In November 2017, three years after starting a small screen-printing business in an 800-square-foot shoebox on Portage Avenue, Cory Beal, the founder of Floodway Print Company, decided it was time to find a bigger space.
Beal went around the city to view two dozen storefronts, most of which were in industrial parks or areas that didn’t exactly inspire creativity. But when he climbed the stairs to the fourth floor of the Glengarry Block, a 108-year-old neoclassical warehouse overlooking McDermot Avenue, and the cheapest listing on the docket, something felt right.
"It just felt well-suited to the garment manufacturing industry," Beal says Thursday afternoon, as two employees meticulously apply white plasticol paint to a seemingly never-ending stream of tote bags and T-shirts. He probably sensed that because, for a long time, the building was at the core of the city’s booming garment trade, often referred to as the "schmatta business."
When Beal and his three co-workers started prepping the nearly 5,000-square-foot unit after acquiring it last fall, they slowly began to uncover hints at the building’s historical fabric, so to speak: under baseboards, and between floorboards, they found denim patches, old pins and sewing needles, and lots of buttons. Beal, 28, was fascinated by the findings. Whose were they? What were they used to make?
"It’s sort of an artifact of what was here," he says, holding up a business card bearing a five-digit phone number.
As it turns out, the Glengarry Block housed dozens of clothing-industry companies during the Exchange District’s heyday, including S. Groff & Son (which sold thread, fabric and buttons); Goodbolt, a shoe and boot operation; and J.K. Marshall, a milliner and silk manufacturer. What the Floodway employees have discovered is that the building is as conducive to the clothing business in 2018 as it was in 1918, and the significance of where they can print as many as 2,000 shirts a day isn’t lost on them.
"I’m not big on history," says Riley Taylor, the company’s 20-year-old production supervisor. "But you can really feel it in here. It’s almost like we’re bringing that history back to life."
Floodway’s comparatively short story started in 2014, when Beal, who’d worked in screen-printing shops around the city, decided to strike out on his own. He’d been frustrated by the existing screen-printing options, lamenting their quality of product and of communication. He realized the barriers to entering the business independently were low, so he bought a pair of manual printing apparatuses online. "We started for less than $5,000," he says.
Over time, through word-of-mouth and dedication to Instagram-based marketing, the floodgates opened for Floodway. In 2015, they scored a contract to print the shirts for ManyFest, and soon, other local businesses and players took note. The company’s diverse and lengthy clientele now includes The Forks, Little Brown Jug, Siloam Mission, King + Bannatyne, and the Gimli Film Festival. Those "Winnipeg is Good" shirts you’ve seen everywhere? Floodway printed those, too.
"They were a natural fit for (us)... Every good band needs a good shirt," said Gilad Carroll, a co-founder of Real Love Winnipeg, a local concert promotion company and one of Floodway’s earliest clients. "They are on top of everything and clearly have a desire to grow and do great things in Winnipeg."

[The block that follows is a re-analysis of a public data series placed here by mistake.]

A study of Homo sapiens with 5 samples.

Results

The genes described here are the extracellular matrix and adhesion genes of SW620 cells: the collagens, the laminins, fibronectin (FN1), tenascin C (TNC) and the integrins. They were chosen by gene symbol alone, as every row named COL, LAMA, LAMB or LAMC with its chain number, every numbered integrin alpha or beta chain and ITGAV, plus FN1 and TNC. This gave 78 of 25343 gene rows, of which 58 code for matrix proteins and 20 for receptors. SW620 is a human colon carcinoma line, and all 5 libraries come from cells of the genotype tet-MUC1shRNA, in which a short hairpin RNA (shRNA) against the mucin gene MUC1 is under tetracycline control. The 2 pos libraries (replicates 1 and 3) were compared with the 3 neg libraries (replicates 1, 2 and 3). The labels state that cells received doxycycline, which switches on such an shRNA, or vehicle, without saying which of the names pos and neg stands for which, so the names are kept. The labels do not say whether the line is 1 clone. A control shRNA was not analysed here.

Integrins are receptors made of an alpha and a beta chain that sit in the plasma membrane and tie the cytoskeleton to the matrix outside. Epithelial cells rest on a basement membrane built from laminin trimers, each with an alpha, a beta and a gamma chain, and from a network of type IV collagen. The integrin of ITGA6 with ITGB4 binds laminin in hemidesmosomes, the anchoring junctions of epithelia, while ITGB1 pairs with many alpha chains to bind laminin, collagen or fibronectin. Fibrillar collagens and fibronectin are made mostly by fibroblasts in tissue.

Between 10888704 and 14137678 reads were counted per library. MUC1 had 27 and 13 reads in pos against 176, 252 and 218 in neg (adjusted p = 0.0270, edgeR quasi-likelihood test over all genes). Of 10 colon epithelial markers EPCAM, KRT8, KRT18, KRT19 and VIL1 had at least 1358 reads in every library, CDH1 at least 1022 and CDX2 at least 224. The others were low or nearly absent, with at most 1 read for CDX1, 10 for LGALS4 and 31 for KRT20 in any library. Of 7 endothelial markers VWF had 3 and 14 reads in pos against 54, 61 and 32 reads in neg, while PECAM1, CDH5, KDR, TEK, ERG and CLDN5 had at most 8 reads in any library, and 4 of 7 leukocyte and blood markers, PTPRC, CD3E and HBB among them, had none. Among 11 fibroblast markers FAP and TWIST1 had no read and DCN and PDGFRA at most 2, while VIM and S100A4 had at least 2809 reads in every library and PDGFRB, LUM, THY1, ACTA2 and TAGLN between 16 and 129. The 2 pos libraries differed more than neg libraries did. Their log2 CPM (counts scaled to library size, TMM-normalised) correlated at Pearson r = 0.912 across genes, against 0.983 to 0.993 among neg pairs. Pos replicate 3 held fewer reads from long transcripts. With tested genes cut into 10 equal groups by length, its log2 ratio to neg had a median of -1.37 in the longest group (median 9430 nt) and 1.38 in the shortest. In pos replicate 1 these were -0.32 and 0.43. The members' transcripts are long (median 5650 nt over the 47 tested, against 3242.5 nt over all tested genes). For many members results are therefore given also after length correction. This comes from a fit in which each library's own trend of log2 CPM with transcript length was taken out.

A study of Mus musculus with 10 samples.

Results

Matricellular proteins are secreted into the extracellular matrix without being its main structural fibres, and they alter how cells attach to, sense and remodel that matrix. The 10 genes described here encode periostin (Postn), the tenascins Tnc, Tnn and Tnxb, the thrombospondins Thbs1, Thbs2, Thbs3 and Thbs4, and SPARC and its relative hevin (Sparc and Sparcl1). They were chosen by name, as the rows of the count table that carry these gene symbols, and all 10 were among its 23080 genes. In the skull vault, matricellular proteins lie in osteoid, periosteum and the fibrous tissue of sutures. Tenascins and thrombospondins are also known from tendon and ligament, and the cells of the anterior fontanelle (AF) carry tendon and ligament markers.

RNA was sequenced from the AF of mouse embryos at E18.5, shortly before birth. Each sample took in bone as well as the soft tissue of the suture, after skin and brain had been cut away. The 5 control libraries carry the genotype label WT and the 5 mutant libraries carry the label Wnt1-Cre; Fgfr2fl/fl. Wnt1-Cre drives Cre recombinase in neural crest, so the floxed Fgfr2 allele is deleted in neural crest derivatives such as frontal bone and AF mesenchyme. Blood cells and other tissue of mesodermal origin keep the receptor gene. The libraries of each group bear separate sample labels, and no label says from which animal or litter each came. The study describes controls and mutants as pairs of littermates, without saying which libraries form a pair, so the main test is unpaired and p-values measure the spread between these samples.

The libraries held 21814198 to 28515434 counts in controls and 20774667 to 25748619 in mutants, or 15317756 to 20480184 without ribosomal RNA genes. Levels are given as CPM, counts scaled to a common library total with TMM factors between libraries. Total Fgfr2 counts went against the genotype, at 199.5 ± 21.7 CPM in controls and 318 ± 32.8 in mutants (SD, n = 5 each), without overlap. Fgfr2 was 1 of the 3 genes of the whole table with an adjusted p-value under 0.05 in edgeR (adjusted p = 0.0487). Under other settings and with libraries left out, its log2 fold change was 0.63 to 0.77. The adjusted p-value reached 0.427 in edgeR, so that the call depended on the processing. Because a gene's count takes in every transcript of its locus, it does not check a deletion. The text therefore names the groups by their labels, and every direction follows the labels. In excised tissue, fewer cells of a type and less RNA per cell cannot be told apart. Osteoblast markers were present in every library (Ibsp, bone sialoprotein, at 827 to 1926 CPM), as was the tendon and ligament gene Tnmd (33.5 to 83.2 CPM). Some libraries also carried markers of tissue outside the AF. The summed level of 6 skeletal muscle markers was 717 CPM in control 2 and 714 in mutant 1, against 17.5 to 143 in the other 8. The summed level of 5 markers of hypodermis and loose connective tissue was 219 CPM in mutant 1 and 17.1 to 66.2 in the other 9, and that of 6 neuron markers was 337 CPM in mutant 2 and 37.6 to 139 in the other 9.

As more clients got in contact, Beal knew it was time to expand. In the move to the McDermot location, the company invested more than $100,000, most of which was spent on a brand-new automatic press capable of printing 10 shirts at once. "It can do 2,000 garments without breaking a sweat," he says. The manual press can do about 500. With one purchase, Floodway increased its production rate four fold. Last year, the company made about $400,000 in revenue. This year, Beal expects that figure to be near half-a-million dollars.
But Beal said Floodway wasn’t designed as a business to pump out as many shirts as possible. The shop prefers smaller orders over large ones, and does about 95 per cent of its business with clients in Manitoba. Of the company’s roughly 15 garment distributors, a dozen are Canadian. "Doing business here is and always will be our priority," says Beal, who usually wears plain white T-shirts. Thursday, he’s testing out a Gildan model, "seeing how it feels after a wash."
One aspect of business Beal says he emphasizes is accessibility. Two of his employees, Taylor and Bram Keast, a 25-year-old fine arts graduate from the University of Manitoba, were hired through REES, a Winnipeg employment service agency for people with physical disabilities or other health conditions.
Keast, who wears hearing aids, called the shop "an amazing place to work," and said the act of making T-shirts is a lot like painting or sculpting, only your work is on display all around the city.
"Clothing is one of the most basic human needs," says Taylor as he finishes another tote bag. "Making clothing for people speaks to me on a primal level."
Beal says the screen-printing business in Winnipeg is a competitive one, with several more senior outlets.
But he hopes potential clients continue to respond to his company’s attention to detail.
As Taylor and Keast man the presses, Beal sits at a table in the back, taking a moment to breathe a few feet from the production floor.
He says he’s satisfied with how the company has grown in such a short period of time, and he’s happy to be doing it in a building that was built with clothing manufacturing in mind.
"Every detail of this place was perfect," he says. "It makes me wonder why everybody isn’t moving into the neighbourhood."
Ben Waldman covers a little bit of everything for the Free Press.